A good processing plant will provide a checklist of items to help an operator perform normal routines. As an energy manager, you need to make sure those checklists include information on energy efficiency. Let's go through the energy management basics that should be part of your every day routine.[pullquote]
Steam. Though widely used because of its versatility and ability to transfer heat, steam often suffers from poor energy management. I still know plants today with enormous amounts of steam piping and tracing that go through unused or removed portions of the plant. While a complete overhaul of an older plant's steam system isn't always feasible, a well-run steam-trap program can help cut down energy costs.
Your steam maintenance checklist should include a complete map of all your traps, test traps for leaks, and replace traps where the replacement would pay for itself in less than six months (or whatever goal you set). If trap locations seem to always need replacements, check that the system was designed properly.
The other problem with steam is when you let down pressure without recovering work. Look for let-down stations that are constantly open and see if you can use that energy for pump work or electrical production.
And finally, you need to watch your insulation or loss of heat in the system. A well-designed system never allows a large amount of heat loss. The easiest way to tell is to watch steam demand during a sudden rainstorm. If you have to increase steam production more than 20%, then your system is in deep trouble.
Electricity. Although the electric system is probably the least worrisome in terms of ongoing maintenance, it's an area that can often sees neglect. Motor and lighting efficiency are two areas that can really help reduce your electric bill. In some areas, choosing to run certain operations at night can be cheaper than running during the day. I often find that very few plants share this price tier system for electrical use with operators. With that knowledge, operators can delay movements or tasks while not affecting production goals to save on energy costs. A well-designed energy management software program can also help operators make energy choices to save money.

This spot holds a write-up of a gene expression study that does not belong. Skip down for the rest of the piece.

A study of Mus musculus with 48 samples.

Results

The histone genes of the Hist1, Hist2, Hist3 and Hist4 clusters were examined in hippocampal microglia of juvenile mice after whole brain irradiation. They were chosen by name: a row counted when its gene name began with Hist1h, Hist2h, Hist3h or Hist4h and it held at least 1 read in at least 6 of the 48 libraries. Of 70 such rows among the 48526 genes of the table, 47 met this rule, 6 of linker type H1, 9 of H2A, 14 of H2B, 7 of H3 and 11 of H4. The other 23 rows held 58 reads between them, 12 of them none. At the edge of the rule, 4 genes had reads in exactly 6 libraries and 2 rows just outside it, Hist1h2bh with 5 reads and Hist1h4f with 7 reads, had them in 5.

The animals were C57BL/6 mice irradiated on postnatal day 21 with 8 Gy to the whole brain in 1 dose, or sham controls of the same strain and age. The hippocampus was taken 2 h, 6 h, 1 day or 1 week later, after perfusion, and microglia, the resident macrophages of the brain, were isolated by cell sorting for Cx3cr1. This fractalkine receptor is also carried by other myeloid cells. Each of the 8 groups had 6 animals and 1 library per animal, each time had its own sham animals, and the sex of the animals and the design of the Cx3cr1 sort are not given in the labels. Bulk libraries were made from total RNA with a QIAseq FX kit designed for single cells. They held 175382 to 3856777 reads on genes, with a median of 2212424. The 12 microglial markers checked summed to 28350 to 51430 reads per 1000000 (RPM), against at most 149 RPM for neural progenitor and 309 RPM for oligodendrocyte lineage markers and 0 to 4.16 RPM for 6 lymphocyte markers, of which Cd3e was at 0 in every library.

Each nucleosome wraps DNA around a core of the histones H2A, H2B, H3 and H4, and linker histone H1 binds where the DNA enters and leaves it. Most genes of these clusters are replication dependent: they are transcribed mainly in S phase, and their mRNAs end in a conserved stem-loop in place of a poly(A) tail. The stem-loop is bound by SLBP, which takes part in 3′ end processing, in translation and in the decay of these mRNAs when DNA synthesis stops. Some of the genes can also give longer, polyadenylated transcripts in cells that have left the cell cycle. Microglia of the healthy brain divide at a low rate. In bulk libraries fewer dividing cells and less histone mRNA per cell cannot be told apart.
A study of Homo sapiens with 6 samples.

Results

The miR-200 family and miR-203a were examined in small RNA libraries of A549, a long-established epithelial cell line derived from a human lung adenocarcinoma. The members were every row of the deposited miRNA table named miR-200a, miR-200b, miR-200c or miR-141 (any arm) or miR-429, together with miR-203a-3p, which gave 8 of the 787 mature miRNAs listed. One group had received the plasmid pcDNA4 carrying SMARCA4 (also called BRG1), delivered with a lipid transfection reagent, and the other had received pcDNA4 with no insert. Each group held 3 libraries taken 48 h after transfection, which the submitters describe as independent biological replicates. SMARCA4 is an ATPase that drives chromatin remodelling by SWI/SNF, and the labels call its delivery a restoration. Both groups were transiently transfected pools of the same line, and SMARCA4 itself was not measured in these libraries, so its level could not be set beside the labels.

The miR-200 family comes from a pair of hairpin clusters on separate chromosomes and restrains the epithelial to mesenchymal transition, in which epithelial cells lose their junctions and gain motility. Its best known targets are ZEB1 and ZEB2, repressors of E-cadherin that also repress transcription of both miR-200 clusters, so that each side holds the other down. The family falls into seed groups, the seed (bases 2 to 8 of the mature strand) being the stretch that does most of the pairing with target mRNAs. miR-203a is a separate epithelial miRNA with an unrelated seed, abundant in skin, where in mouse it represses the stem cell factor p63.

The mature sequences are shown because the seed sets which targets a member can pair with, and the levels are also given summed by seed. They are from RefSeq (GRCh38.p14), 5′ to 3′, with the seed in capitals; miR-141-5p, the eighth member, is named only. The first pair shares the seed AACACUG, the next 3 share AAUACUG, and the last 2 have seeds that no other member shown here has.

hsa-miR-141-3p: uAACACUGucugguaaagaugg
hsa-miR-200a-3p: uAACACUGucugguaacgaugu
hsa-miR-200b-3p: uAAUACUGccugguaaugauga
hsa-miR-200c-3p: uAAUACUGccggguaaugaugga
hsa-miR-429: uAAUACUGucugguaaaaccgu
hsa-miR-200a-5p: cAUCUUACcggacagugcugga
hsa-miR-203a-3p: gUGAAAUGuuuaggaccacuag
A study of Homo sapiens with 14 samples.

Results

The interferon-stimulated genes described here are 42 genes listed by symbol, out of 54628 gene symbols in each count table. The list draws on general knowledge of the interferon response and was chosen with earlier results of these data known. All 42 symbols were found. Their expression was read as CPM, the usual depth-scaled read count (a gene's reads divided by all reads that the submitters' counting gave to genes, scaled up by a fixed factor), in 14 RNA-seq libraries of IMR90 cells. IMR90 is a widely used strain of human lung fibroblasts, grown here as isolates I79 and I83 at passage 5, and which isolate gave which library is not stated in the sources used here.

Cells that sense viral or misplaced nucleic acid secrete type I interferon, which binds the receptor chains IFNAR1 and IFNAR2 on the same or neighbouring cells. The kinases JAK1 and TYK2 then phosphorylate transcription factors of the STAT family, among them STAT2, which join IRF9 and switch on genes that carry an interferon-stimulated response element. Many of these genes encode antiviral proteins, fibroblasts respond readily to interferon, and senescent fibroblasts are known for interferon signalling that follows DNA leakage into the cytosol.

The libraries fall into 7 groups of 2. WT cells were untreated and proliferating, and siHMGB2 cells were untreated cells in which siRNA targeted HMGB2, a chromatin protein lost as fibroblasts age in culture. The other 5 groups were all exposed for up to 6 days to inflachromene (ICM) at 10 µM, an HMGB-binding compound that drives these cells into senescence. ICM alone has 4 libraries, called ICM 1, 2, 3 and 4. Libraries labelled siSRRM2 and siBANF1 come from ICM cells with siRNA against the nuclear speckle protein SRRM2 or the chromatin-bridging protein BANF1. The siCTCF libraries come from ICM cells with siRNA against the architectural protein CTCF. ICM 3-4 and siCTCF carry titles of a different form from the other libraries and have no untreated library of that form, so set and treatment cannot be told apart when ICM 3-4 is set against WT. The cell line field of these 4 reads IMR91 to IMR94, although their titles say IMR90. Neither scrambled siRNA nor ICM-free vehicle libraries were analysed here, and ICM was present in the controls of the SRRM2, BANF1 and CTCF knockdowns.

Fired Heaters. Whether using oil, gas or solid fuel, fired heaters can produce good energy savings. However, most operators are only trained on the basics of their systems and most plants don't question whether the heater is running efficiently.
For instance, one plant I audited had no idea its excess air numbers were extremely high. The site had an outside company maintain the heater and operators kept complaining that the heater shut down too often during startup. As it turned out, the operators were hurrying the startup time and the heater had an automatic air/fuel ratio control so when they pushed fuel, the program would only add so much air. The heater would starve for air and automatically shutdown. After numerous complaints, the maintenance company just set the ratio very high so that there was always excess air. It was better for startup, but bad for efficiency. Once the operators understood the limitations during startup and how to run the heater efficiently, fuel usage was cut by 20%. So, always make sure heater training includes heater efficiency and heater economics.
Other ongoing issues — especially with older heaters — are leaks, insulation and burner adjustments. A thermal imaging camera can help troubleshoot these problems. If you take good care of the fired heater, you should be able to maintain good efficiency throughout your plant run.
Air. Just like with steam, leaks are very common. Unlike with steam, they are harder to spot and repair. It's not unusual for plants to use 50% more air then they need; clamping down on air leaks can definitely save money. While a good sonic device may help you, this is one area where a trained DOE-qualified specialist can come in handy.
In fact, in all four of these areas — steam, electricity, fired heaters, and air — check with your vendor or with the DOE Office of Industrial Technology to get a qualified specialist to talk to your operators, walk the units and give your plant personnel direct advice. It will be well worth the time and effort.
It's not easy to maintain an energy program, but if you have the basics handled, you will be miles ahead of your competition.
Gary Faagau is Chemical Processing's Energy Columnist. You can e-mail him at [email protected].